It’s an exciting time to be a part of the healthcare technology field, as the industry rapidly modernizes and explores how technology can be used to improve the delivery of care. CHIME Fall CIO Forum attendees echoed that excitement. Surrounded by some of the top health information technology (HIT) leaders, we discussed some of our successes, as well as outstanding challenges on our minds. Through my conversations, I was impressed in some regards on how much progress has been made at provider organizations since last year’s conference. For example, most of the CIOs I spoke to had made progress in implementing the cloud to help share information quickly and securely. Additionally, Hal Baker, VP and CIO of WellSpan, gave a strong presentation on how they’ve re-invented clinical documentation to coordinate CDI and coding efforts and deliver safer, more coordinated care.
However, there are still plenty of challenges and uncertainties ahead for CIOs. Outside of the normal industry buzz you hear at conferences, there were three questions that seemed to be on everyone’s mind:
- Are our systems secure? Everyone seems to be reeling from several recent high-profile data breaches at hospitals and health systems, affecting more than 30 million patients this year. Not only are the breaches causing fear and nervousness from patients, but they’ve also caused reputational damages to the organizations that were hacked. During the conference, there was a lot of debate and discussion on how health systems can make sure their own security posture is up to standards, especially when they are strapped for revenue and resources. Former White House CIO Theresa Payton said, “You have to reach the realization that all technology is hackable.” No wonder cybersecurity is an issue that everyone is taking very seriously. I’m sure this theme will continue as CHIME’s Association for Executives in Healthcare Information Security (AEHIS) ramps up their efforts to educate health leaders on what’s needed to secure their networks and data.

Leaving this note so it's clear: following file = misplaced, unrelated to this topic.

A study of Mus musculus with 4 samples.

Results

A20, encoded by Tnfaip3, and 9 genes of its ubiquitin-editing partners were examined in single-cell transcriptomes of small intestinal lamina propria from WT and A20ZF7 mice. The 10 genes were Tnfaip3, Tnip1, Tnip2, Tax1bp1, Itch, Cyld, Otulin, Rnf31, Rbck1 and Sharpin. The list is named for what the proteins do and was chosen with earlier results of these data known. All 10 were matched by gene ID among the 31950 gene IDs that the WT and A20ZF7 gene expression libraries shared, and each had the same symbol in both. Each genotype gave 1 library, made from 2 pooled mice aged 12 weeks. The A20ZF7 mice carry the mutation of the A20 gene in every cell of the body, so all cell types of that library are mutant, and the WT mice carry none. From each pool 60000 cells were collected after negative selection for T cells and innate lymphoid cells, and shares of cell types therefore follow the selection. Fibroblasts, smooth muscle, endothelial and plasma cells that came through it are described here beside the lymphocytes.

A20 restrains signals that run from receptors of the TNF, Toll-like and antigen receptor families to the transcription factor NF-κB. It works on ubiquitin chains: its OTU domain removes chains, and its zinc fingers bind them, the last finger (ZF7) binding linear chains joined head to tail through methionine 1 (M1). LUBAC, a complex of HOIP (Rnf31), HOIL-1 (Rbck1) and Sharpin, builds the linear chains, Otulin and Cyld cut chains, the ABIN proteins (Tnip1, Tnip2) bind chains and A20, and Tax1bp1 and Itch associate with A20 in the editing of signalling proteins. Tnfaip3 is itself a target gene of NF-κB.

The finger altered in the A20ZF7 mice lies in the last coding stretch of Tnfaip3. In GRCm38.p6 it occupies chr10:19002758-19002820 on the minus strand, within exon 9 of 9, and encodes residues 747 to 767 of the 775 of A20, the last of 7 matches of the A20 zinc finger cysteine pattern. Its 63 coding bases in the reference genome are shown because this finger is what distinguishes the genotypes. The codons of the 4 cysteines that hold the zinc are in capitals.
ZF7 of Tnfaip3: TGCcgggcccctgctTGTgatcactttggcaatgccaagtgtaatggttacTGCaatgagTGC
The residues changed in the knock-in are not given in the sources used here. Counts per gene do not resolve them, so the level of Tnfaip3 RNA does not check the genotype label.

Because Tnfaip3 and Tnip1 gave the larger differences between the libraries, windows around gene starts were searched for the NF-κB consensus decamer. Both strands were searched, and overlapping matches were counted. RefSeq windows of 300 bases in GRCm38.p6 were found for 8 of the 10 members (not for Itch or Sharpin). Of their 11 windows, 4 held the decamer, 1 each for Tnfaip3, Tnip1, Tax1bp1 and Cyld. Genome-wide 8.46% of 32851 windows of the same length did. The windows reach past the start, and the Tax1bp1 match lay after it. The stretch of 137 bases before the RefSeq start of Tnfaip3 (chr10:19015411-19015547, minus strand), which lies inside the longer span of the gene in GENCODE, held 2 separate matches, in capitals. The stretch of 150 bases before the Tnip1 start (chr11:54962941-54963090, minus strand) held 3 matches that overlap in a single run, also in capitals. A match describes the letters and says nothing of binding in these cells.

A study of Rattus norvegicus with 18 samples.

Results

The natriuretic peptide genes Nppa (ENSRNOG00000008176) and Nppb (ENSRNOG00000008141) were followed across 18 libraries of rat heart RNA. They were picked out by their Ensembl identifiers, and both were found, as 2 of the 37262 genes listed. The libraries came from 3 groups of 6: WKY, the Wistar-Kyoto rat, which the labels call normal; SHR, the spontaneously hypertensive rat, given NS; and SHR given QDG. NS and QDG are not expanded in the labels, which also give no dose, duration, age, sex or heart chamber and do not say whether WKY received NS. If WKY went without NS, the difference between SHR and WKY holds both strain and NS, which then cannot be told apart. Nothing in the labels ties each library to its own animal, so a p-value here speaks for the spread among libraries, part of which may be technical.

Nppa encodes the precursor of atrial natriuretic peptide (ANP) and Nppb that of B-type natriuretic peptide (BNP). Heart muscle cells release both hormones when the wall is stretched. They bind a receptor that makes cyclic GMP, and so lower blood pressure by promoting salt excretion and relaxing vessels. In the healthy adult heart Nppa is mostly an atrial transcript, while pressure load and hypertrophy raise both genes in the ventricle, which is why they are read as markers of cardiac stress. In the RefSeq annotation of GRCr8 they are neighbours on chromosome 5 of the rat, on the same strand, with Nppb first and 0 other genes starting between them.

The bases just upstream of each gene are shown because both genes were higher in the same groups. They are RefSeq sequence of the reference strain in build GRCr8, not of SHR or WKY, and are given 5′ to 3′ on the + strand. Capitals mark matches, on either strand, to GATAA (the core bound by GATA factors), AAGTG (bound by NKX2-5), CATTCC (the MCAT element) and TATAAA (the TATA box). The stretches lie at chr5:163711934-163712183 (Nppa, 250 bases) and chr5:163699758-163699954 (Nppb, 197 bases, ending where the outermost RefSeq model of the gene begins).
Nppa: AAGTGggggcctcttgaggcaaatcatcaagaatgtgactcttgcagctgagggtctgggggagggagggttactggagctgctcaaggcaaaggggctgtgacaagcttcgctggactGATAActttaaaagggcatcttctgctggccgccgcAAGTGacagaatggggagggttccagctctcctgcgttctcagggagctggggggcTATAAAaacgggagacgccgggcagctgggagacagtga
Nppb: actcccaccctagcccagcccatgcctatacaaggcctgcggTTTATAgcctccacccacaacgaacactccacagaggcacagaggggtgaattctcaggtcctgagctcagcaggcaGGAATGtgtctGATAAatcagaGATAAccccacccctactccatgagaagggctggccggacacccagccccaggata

- What’s happening at the ONC? Karen DeSalvo’s recent – and swift—exit from The Office of the National Coordinator (ONC) for Health Information Technology was startling enough for the industry, but news that Deputy National Coordinator for Health IT Jacob Reider would also be departing later this month led to more urgent conversations. Health IT leaders are wondering what the staffing changes at the ONC will mean for the industry and their organizations’ strategies for meeting regulatory requirements.
- What basic ingredients am I missing? One of the highlights of the CHIME conference was the incredible keynote from Peter Diamandis, Chairman and CEO of XPRIZE on how our industry is poised to begin to use technologies like robotics to transform the way we deliver patient care. But at the same time, I heard first-hand from many CIOs who are still struggling with infrastructure challenges and regulatory hurdles that have hijacked their agendas. While the CHIME conference is a great place to discuss forward-looking technologies and interoperability in the future, some CIOs are wisely asking themselves what basics they’re missing today – like accurate patient identification which is hindering interoperability efforts and comprehensive clinical documentation processes — before jumping head-first into robotics.